Contraception in the Philippines

I feel like I need to let readers know about this subject.  Not in order to agree with it or disagree with it.  I think I know how most Westerners feel on this subject but I must say once again, this is the Philippines.  It is not the West.

As I recall, it is illegal to bring contraception literature into the Philippines.  It is important for me to say to new readers, the Philippines does not want  foreigners protesting their policies and culture.   That means, keeping our mouth shuts.  We are to observe and learn.   Disagreeing with any public figure could be considered a violation of this law.

I’ve started to  write on this subject a couple of times but then backed away.  I did so because it is such a fire cracker issue in the Philippines and I can’t run the risk of appearing too choose sides.  I think though, I can share it as a way of gaining additional insight to the culture of the Philippines and what is important to Filipino.

The Church in Philippine Politics

Some Filipino I’ve spoken to, don’t like to see priest speaking of politics from the pulpit.   I didn’t much like it in the USA myself.   It is a big part of politics in the Philippines.  Making an enemy of the church in the Philippines would likely cause  your future opportunities to be severely limited.

Artificial vs Natural Conception

Saint Vincent Ferrer Parish

Saint Vincent Ferrer Parrish Church in Bogo City

It is a touchy subject.  The Catholic Church has weighed in heavily on the subject.  With a new president in power in the Philippines, the Catholic officials are sending messages to him from the pulpit.  I don’t know what his position is.   They are invoking the name of much loved politician who died not too long ago who was not a fan of artificial contraception.  She just happens to be his mother too.

The prior administration was openly in favor of natural family planning, primarily abstention as birth control.  I think the rhythm method is also approved of within this group but I doubt it applies to everyone in the natural contraception camp.

In the last couple of years, some lawmakers have proposed reform in this Philippine contraception policy.  They propose making artificial contraception easier to obtain and that has caused a lot of public debate.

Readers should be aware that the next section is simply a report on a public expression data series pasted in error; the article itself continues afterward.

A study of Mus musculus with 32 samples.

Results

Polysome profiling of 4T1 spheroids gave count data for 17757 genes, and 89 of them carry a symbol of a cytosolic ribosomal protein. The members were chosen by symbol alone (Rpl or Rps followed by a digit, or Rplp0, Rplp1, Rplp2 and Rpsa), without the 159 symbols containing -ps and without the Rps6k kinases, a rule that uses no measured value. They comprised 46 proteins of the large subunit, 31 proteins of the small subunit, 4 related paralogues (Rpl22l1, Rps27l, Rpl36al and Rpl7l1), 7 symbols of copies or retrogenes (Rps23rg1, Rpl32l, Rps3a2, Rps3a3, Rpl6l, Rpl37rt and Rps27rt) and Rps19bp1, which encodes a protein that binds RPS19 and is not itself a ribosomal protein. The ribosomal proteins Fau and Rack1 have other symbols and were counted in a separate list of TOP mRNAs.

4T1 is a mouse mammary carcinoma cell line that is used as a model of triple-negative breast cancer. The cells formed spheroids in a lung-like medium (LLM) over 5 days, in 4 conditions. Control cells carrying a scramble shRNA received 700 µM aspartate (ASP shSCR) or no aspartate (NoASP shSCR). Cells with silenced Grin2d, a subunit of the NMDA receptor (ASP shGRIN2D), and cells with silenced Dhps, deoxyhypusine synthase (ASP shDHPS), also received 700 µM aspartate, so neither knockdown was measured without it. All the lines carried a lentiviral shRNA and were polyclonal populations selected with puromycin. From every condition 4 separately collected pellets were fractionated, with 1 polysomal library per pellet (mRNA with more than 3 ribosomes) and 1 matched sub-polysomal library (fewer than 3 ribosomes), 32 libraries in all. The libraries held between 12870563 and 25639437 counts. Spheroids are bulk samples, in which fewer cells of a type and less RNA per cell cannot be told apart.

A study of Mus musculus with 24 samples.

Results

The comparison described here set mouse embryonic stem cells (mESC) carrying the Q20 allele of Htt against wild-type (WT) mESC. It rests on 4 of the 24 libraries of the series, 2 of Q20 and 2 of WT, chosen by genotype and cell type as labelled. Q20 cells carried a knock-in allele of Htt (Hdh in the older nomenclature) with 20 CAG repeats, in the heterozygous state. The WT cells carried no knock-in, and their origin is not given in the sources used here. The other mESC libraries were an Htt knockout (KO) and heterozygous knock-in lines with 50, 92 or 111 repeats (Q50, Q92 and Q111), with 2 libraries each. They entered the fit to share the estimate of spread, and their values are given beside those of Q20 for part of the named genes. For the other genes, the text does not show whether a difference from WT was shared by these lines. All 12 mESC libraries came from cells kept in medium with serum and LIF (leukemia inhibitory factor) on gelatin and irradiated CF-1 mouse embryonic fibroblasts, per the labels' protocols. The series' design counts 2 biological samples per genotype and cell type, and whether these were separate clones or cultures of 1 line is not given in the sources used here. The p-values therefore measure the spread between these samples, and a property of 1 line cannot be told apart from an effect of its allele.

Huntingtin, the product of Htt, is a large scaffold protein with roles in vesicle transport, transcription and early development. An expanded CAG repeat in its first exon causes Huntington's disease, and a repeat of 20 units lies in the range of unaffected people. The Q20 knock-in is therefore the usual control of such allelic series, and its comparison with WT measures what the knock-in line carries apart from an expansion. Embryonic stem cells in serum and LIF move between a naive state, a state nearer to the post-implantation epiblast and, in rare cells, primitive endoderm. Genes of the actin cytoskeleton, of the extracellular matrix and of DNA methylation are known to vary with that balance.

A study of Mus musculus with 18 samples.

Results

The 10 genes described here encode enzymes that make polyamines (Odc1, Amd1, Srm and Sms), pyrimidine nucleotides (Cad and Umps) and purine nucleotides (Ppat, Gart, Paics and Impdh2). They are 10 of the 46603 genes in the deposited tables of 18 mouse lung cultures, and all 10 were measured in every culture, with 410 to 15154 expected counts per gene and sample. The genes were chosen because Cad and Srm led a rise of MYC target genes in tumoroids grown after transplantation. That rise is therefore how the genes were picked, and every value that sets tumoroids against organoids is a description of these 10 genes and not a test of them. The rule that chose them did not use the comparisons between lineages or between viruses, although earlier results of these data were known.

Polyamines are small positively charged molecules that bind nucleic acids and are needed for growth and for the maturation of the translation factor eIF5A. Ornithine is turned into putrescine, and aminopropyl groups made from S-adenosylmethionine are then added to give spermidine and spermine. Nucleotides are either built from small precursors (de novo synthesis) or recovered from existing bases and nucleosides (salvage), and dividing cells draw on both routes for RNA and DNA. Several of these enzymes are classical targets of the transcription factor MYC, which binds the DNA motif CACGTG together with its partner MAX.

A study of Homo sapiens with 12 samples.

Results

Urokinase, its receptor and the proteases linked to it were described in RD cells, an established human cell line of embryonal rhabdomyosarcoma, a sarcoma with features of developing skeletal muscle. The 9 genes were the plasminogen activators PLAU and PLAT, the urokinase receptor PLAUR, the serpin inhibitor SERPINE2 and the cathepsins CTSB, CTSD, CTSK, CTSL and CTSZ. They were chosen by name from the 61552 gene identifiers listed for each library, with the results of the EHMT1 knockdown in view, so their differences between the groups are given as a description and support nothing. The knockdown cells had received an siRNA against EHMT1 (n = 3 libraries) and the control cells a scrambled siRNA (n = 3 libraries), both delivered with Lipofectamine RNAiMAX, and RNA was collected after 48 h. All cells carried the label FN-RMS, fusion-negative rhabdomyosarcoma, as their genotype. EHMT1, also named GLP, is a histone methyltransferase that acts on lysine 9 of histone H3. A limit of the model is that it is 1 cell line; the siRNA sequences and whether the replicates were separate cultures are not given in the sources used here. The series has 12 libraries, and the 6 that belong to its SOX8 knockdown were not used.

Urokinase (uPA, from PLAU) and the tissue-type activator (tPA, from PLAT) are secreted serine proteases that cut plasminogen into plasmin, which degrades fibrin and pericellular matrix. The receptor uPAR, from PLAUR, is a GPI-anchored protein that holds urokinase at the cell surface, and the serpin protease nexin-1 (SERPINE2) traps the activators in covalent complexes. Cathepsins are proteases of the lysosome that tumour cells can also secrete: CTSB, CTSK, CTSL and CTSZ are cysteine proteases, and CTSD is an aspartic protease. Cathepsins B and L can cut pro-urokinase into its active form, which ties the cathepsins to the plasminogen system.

Some of those opposed to it claim that it will lead to legal abortions in the Philippines.  According to t he UN, they are legal now, but only when the mothers life is in danger.   There is a chance that more legislation has been passed even outlawing that though.  The UN report I read was from around 2000.

I found an article on a pro-life website that puts forth the idea that the USA sees contraception in Asia as a matter of national security.    A shocking position to take?

What are the motives of population control?
The American bases have been dismantled but imperialism is very much around and it comes in the form of contraceptive imperialism which most Filipinos barely notice. This is explicit in the National Security Study Memorandum 200 – a US intelligence declassified document which reveals US and UN motives in limiting the population of the Philippines and many other countries in Latin America, Southeast Asia, in the Pacific and Caribbean. The document dealt specifically on the relationship between increasing less developed country populations and future US access to resources and favorable trade policies … and the possibility of accelerated … anti-imperialist movements as a consequence of larger number of persons in Door nations. The control of foreign populations becomes a matter of US industrial and military security.


That article will provide some insight, I don’t know how widespread this position is though.  The article also repeats the slippery slope to abortion argument.  It also seems to be holding that overpopulation in the Philippines is a myth or that having a lot of children doesn’t increase the poverty rate.  Did I read that right?

Contraceptives are allowed in the Philippines.  The controversy is over government support of “artificial contraception.”  There have been policies in place in some areas that caused some medical facilities to refuse to provide these items.  Generally though, these products are available.   However most Filipino will not use most of them.  Some want to see government backed educational campaigns promoting these materials and for the government to provide or subsidize these materials.  Again, the article is not about the legislation and politics, its about the insights that can be gained by observing the controversy.

In any case, I think this issue gives a little more insight into the kultura Filipino (Filipino Culture).  Speaking of which, I need to go to Kultura Filipino next month and get me some fine Filipino cigars.  Okay, so I want too.  I like to go to the Pizza Pub, grab a table outside and enjoy a Filipino made cigar while I observe life in the Philippines and flirt with a pretty girl when one gives me the chance.  Do that and leave the politics and social issues of the Filipino to the Filipino.